Twiggy Reclining In Biba, 1973 ©Justin De Villeneuve Iconic Images

The Biba Story

What's on? | Apr 30, 2024

As I left the Fashion and Textile Museum’s latest exhibition ‘The Biba Story’, I spied a queue of visitors, predominantly female, snaking their way down the street, waiting for their chance to enter. Witnessing this, I thought back to Martin Pel, the exhibition’s curator, describing the queues 50 years prior, of fashion forward young women, weaving their way down Kensington Church Street, waiting impatiently for their chance to step into the world of Biba. And yet, long after trading ceased, it’s evident that the draw of Biba is as omnipresent as it was when Barbara Hulanicki began building that world over 60 years ago.

Opening the exhibition is a replica of the iconic garment that shot Biba into the fashion stratosphere, a pink and white gingham shift dress designed by Hulanicki in 1963 that represented not only a turning point in her career, but a global fashion revolution. Prior to the arrival of this candy-coloured dress, shopping options for young women were few and far between. While Mary Quant had introduced a youthful and forward-thinking style in the early 1960s, her clothes were expensive and out of reach for many young working women. At a mere 25 shillings, Biba’s little pink and white dress both affordable and utterly stylish. Biba, which began as a humble mail order brand established by Hulanicki and her husband and business partner Stephen Fitz-Simon, quickly became big business, with over 17,000 orders.


While the pokey chemist served Biba’s London customers well, the demand for the brand grew and thus their store space did too. Moving to Kensington Church Street in 1966, the new Biba was four times the space of the original store and became a real community space for young women. With the first ever communal changing-room, Biba invited customers to treat shopping as an experience and not a chore.  Bodacious prints in sumptuous jewel tones and glamorous two-piece sets defined Biba’s style during these years. The young Biba customer was growing up, and while still playful in her fashion, the new plunging necklines and the sexier silhouettes were indicative of Biba’s ability to evolve with their loyal customer base. From cutesy mini dresses appropriate for sitting on Brighton’s beach, to intricate lace gowns ready to walk down the church aisle, Barbara knew her customers wanted clothes for all phases of life and she managed to secure the status of being a brand for everyone.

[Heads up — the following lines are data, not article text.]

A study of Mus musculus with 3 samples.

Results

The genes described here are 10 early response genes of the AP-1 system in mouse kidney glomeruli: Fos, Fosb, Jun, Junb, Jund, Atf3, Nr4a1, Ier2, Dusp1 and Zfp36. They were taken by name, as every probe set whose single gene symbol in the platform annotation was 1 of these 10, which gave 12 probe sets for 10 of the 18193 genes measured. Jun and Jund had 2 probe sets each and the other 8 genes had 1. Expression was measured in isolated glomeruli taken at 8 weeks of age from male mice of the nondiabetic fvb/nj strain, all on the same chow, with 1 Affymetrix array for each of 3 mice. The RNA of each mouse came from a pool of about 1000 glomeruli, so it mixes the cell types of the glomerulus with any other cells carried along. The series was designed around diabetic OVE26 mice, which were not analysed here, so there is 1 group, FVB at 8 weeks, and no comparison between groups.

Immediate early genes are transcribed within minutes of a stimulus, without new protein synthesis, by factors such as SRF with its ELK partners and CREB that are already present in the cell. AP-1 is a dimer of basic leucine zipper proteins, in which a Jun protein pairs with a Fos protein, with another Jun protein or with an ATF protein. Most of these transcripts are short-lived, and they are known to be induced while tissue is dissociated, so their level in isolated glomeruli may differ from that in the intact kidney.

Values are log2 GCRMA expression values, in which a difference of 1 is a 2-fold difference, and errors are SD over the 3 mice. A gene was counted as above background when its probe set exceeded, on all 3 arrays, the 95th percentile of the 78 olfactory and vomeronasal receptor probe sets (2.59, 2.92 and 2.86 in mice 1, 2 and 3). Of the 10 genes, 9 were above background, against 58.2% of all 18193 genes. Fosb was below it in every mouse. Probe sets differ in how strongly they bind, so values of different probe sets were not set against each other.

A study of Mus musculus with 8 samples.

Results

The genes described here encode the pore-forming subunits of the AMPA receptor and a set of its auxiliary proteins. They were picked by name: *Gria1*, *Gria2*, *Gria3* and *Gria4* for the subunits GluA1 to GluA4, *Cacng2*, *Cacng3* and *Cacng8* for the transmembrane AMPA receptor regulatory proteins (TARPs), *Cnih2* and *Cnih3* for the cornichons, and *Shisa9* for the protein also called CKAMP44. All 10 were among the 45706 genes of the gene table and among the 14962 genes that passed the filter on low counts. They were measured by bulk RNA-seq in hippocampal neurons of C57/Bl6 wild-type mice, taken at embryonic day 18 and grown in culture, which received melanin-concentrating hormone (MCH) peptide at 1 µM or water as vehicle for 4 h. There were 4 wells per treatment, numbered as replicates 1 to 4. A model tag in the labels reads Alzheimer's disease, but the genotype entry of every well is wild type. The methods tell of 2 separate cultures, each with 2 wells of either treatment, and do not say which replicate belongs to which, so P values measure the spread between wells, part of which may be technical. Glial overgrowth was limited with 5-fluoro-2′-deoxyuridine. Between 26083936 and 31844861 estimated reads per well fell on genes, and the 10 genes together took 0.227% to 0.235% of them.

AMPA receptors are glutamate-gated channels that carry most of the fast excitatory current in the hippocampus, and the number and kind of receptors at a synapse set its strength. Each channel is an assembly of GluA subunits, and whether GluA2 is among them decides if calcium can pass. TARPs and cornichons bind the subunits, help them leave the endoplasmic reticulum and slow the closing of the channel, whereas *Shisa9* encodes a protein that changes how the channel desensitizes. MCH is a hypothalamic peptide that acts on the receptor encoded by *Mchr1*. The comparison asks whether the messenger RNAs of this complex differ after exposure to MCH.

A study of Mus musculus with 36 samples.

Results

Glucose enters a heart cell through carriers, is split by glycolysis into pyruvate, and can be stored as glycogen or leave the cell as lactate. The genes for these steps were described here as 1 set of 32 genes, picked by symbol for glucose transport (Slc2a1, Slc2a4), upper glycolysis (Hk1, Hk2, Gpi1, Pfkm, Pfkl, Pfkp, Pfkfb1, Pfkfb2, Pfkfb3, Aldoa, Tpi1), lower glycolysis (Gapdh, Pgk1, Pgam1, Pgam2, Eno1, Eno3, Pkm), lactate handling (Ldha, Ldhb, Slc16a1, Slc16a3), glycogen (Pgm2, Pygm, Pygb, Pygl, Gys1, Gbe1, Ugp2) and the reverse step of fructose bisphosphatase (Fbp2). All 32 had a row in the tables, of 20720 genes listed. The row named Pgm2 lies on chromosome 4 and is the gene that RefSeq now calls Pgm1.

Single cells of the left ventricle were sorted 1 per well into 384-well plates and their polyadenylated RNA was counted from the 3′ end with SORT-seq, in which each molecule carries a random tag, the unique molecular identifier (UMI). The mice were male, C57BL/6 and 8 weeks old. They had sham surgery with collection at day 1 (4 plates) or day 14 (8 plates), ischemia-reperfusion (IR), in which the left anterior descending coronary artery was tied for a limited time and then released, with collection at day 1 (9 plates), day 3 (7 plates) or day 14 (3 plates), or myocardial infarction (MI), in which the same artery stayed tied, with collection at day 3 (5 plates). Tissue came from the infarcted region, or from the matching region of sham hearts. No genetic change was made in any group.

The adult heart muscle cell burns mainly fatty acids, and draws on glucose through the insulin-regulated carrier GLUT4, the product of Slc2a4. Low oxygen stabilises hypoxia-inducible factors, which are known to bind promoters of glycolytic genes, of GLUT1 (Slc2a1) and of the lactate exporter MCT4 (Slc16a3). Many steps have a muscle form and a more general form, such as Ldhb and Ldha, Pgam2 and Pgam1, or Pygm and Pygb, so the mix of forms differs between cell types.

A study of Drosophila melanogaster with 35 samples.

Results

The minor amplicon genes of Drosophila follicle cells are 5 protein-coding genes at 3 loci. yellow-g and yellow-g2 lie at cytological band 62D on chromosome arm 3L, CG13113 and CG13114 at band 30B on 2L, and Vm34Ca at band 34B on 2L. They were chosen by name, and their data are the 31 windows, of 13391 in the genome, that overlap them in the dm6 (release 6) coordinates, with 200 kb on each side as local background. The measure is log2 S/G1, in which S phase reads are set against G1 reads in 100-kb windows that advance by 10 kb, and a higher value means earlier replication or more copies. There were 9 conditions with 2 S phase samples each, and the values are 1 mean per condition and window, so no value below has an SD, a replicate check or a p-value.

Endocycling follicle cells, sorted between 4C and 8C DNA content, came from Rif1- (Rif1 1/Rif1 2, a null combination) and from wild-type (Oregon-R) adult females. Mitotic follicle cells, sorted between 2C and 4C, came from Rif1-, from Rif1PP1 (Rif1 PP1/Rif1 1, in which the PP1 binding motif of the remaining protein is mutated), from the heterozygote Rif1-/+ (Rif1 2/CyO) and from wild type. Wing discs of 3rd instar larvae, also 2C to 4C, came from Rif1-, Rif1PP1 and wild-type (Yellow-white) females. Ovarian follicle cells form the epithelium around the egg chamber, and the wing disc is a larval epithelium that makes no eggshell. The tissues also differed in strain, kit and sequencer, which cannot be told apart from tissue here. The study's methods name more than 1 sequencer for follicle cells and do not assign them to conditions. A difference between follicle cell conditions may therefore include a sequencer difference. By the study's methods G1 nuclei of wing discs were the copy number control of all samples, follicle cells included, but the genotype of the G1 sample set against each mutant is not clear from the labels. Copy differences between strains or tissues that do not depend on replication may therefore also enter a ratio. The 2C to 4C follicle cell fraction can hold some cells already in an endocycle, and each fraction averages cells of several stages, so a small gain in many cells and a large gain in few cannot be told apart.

The Biba Story, 1964 1975 © Fashion And Textile Museum

After a few more shop openings, in 1973, taking up the prime location on High Street Kensington, Barbara and Fitz opened Big Biba. A seven-storey retail experience, Big Biba was an all-encompassing emporium, described by Time magazine in 1974 as “the most beautiful store in the world”. Home to Europe’s largest rooftop garden, multiple restaurants patronised by the likes of Twiggy and The Rolling Stones, Big Biba in all its bombastic glory sold everything from cans of turtle soup and Biba branded baked beans, to snow-leopard print suits and operatic sequined gowns. The lifestyle cornucopia was the first of its kind and became the blueprint for the plethora of famed retail institutions that would follow. However, the brightest flame burns the fastest and merely 2 years after opening, Big Biba shut its doors in 1975 with Barbara losing the rights to Biba shortly after.

You’d be forgiven for thinking that Biba’s odyssey-like story spanned multiple decades and many generations, and yet the brand had gone from mail order business to dominating the retail sphere to shutting down within only 12 years. With meticulous curation of dozens of archive Biba garments, from the famous black knee-high boots to untouched products from the makeup line, the exhibition wonderfully depicts the lifespan of a brand that would go on to change the world in just over a decade.